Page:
Book Releases & News or The Hiddennes of God
Nathan Jacobson: A List of Published Works Responding to the "New Atheists"
Radio talk show host Hugh Hewitt concluded 2009 by broadcasting a debate about God between polemicists Michael Shermer and Gregory Koukl, thereby bidding adieu to what he called "The Decade of the New Atheists". It was indeed a remarkable cultural phenomenon how four atheologians in particular rose to prominence by selling scads of books: Sam Harris with The End of Faith (2004), Christopher Hitchens with god is not Great (2007), Daniel Dennet with Breaking the Spell (2006), and, of course, Richard Dawkins with The God Delusion (2006). But just as noteworthy, perhaps, is the cavalcade of able critics who rose to these challenges to Christian theism. As with the cottage industry of criticism that accompanied Dan Brown's and then Ron Howard's The Davinci Code, these broadsides served as provocation for countless apologists. Of course, none of them were remotely as successful as their atheistic rivals in terms of sales. One wonders whether they will slip into oblivion just as Hume survives in philosophy readers, while most of his contemporaneous critics do not. Whatever happens, the swift and mostly scholarly response to this one decade's worth of the perennial barrage on Christian theism leaves it an open question whether, in the final analysis, it was the atheists or their counterparts who owned the aughts. Consider the following list an opportunity to judge this contest of ideas for yourself.
Eric A. Siebert (Augsburg Fortress: August 2009), 360 pages.
How should we understand biblical texts where God is depicted as acting irrationally, violently, or destructively? If we distance ourselves from disturbing portrayals of God, how should we understand the authority of Scripture? How does the often wrathful God portrayed in the Old Testament relate to the God of love proclaimed in the New Testament? Is that contrast even accurate? Disturbing Divine Behavior addresses these perennially vexing questions for the student of the Bible. Eric A. Seibert calls for an engaged and discerning reading of the Old Testament that distinguishes the particular literary and theological goals achieved through narrative characterizations of God from the rich understanding of the divine to which the Old Testament as a whole points. Providing illuminating reflections on theological reading as well, this book will be a welcome resource for any readers who puzzle over disturbing representations of God in the Bible. ~ Synopsis
Paul K. Moser (Cambridge University Press; 1 edition : April 7, 2008), 304 pages.
Three questions motivate this book’s account of evidence for the existence of God. First, if God’s existence is hidden, why suppose He exists at all? Second, if God exists, why is He hidden, particularly if God seeks to communicate with people? Third, what are the implications of divine hiddenness for philosophy, theology, and religion’s supposed knowledge of God? This book answers these questions on the basis of a new account of evidence and knowledge of divine reality that challenges skepticism about God’s existence. The central thesis is that we should expect evidence of divine reality to be purposively available to humans, that is, available only in a manner suitable to divine purposes in self-revelation. This lesson generates a seismic shift in our understanding of evidence and knowledge of divine reality. The result is a needed reorienting of religious epistemology to accommodate the character and purposes of an authoritative, perfectly loving God. An interview with Moser is available on the Evangelical Philosophical Society blog.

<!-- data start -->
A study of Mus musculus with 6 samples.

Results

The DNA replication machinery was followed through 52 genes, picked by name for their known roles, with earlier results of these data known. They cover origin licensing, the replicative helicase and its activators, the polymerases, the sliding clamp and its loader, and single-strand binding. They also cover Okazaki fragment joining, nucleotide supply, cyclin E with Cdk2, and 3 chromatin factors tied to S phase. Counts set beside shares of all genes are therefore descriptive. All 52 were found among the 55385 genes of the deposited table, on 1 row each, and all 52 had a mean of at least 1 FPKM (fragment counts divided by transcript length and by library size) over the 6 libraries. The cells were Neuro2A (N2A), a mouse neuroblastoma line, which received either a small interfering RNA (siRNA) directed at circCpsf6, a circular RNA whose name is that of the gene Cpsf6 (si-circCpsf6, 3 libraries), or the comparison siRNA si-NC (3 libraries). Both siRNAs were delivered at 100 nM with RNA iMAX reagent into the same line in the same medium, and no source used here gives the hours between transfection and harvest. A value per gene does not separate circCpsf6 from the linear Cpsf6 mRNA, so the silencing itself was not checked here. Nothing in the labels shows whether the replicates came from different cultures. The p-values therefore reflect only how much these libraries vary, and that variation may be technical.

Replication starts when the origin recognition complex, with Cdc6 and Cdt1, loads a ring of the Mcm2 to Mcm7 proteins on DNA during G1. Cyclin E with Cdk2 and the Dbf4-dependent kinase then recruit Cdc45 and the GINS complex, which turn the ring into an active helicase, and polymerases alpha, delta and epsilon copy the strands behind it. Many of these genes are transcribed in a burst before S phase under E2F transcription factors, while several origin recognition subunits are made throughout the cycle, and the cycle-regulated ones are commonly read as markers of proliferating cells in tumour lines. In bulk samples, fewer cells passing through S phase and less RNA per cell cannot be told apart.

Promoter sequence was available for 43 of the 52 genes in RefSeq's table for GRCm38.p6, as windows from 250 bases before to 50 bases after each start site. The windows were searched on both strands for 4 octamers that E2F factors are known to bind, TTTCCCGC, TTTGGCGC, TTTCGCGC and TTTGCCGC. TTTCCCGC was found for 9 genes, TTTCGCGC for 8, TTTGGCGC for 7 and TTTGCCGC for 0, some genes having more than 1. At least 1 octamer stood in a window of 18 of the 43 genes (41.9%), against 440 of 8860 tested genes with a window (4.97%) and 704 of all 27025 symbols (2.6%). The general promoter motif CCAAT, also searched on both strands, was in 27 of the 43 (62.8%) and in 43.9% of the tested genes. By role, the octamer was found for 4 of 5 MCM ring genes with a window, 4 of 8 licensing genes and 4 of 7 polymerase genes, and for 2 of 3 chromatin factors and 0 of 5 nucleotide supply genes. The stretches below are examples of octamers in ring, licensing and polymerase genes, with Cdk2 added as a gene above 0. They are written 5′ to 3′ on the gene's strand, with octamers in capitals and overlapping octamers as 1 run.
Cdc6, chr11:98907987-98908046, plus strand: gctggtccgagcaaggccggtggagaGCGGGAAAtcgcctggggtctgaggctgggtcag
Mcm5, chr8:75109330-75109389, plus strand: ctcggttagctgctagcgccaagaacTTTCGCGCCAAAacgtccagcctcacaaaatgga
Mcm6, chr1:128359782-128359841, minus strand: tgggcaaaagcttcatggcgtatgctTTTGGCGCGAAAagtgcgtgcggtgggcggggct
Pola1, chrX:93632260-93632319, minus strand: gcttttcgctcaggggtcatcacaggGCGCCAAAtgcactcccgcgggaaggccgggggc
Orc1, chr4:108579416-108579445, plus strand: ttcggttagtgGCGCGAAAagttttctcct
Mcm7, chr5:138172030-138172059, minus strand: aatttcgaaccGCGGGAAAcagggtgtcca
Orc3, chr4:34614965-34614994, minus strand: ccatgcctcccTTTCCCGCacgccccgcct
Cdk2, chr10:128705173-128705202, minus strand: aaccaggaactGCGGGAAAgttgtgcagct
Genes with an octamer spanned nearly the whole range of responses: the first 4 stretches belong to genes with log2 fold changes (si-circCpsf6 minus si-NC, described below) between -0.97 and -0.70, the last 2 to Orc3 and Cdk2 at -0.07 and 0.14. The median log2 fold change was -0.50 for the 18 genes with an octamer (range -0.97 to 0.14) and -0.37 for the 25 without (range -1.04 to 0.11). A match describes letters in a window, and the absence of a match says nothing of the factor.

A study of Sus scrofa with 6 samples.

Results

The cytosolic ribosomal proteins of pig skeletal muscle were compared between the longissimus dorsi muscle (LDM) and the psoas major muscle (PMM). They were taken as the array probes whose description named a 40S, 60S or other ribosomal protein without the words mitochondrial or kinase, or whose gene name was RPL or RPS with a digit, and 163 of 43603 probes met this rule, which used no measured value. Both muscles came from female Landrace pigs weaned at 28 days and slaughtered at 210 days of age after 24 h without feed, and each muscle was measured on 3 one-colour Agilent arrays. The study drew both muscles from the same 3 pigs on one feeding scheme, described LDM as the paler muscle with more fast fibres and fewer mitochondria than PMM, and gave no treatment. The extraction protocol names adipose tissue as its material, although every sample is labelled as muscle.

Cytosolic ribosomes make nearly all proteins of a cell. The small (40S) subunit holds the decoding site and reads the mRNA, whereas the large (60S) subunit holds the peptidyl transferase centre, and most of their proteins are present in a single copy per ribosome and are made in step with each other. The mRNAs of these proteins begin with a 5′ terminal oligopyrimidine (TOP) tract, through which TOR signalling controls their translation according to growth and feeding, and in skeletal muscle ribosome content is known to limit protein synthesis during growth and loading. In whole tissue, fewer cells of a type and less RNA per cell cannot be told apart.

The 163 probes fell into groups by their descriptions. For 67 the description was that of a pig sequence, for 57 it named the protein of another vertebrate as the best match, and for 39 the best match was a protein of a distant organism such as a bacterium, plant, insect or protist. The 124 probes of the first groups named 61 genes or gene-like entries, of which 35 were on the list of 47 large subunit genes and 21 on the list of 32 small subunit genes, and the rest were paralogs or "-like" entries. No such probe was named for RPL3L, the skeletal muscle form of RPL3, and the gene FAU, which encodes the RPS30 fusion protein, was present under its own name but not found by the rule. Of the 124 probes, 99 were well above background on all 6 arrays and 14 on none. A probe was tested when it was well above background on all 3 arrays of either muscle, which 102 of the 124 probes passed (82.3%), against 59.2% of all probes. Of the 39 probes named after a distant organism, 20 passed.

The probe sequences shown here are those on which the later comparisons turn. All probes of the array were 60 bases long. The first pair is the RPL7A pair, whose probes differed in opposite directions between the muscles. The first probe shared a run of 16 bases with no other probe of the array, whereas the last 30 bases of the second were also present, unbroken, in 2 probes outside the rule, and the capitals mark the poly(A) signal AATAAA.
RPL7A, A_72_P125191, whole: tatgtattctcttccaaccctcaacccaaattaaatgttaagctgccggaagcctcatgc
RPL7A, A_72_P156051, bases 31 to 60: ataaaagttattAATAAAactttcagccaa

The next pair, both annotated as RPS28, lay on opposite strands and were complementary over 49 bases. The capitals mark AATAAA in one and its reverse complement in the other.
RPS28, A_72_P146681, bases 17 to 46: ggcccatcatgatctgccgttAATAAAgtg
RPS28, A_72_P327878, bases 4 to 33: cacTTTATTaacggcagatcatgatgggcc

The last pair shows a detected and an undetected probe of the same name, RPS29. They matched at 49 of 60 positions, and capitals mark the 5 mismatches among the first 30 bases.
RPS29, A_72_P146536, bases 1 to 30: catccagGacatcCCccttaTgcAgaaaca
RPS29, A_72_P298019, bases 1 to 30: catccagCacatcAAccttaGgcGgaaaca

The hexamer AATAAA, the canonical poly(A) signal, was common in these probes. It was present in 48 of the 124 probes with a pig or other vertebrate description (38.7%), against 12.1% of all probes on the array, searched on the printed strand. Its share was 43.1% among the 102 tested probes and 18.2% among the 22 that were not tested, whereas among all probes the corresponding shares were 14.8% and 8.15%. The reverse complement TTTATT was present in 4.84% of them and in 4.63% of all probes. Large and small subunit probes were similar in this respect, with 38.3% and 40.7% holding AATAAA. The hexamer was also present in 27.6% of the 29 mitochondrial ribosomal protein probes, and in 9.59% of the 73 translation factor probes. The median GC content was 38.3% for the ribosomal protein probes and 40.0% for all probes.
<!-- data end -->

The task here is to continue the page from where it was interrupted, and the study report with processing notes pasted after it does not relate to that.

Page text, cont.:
William Dembski, Various Publishers
With yet another volume bearing his name, Debating Design (422 p.), one has to wonder if William Dembski ever sleeps. His recent publications also include Uncommon Descent (366 p.), Signs of Intelligence (224 p.), and The Design Revolution (330 p.). But, especially in light of Antony Flew's recent comments about the force of arguments from Design, his latest project may win an audience his previous works missed. Bearing the weighty imprint of Cambridge University Press and co-edited with Michael Ruse, Debating Design hosts a discussion between leading advocates and critics of Intelligent Design. William, nice work. And get some sleep.
Daniel-Howard Snyder and Paul K. Moser, eds. (Cambridge University Press, 2001)
With the publication of J.L. Schellenberg's Divine Hiddeness and Human Reason, in recent years philosophers of religion have focused their attention on the problem of the "hiddenness of God", the evident fact that, if God exists, he is not as overtly obvious as he could be. The psalmists and prophets often lamented this apparent absence of God. And Bertrand Russell, imagining a possible meeting with God in the afterlife, famously said he would explain his atheism by the lack of sufficient evidence. A good place to start exploring the problem is in a recent collection of essays: Divine Hiddenness: New Essays. On a more pedestrian level, Phillip Yancey has wrestled with this question at length in his typically poignant and honest style. See his Disappointment with God and Reaching for the Invisible God.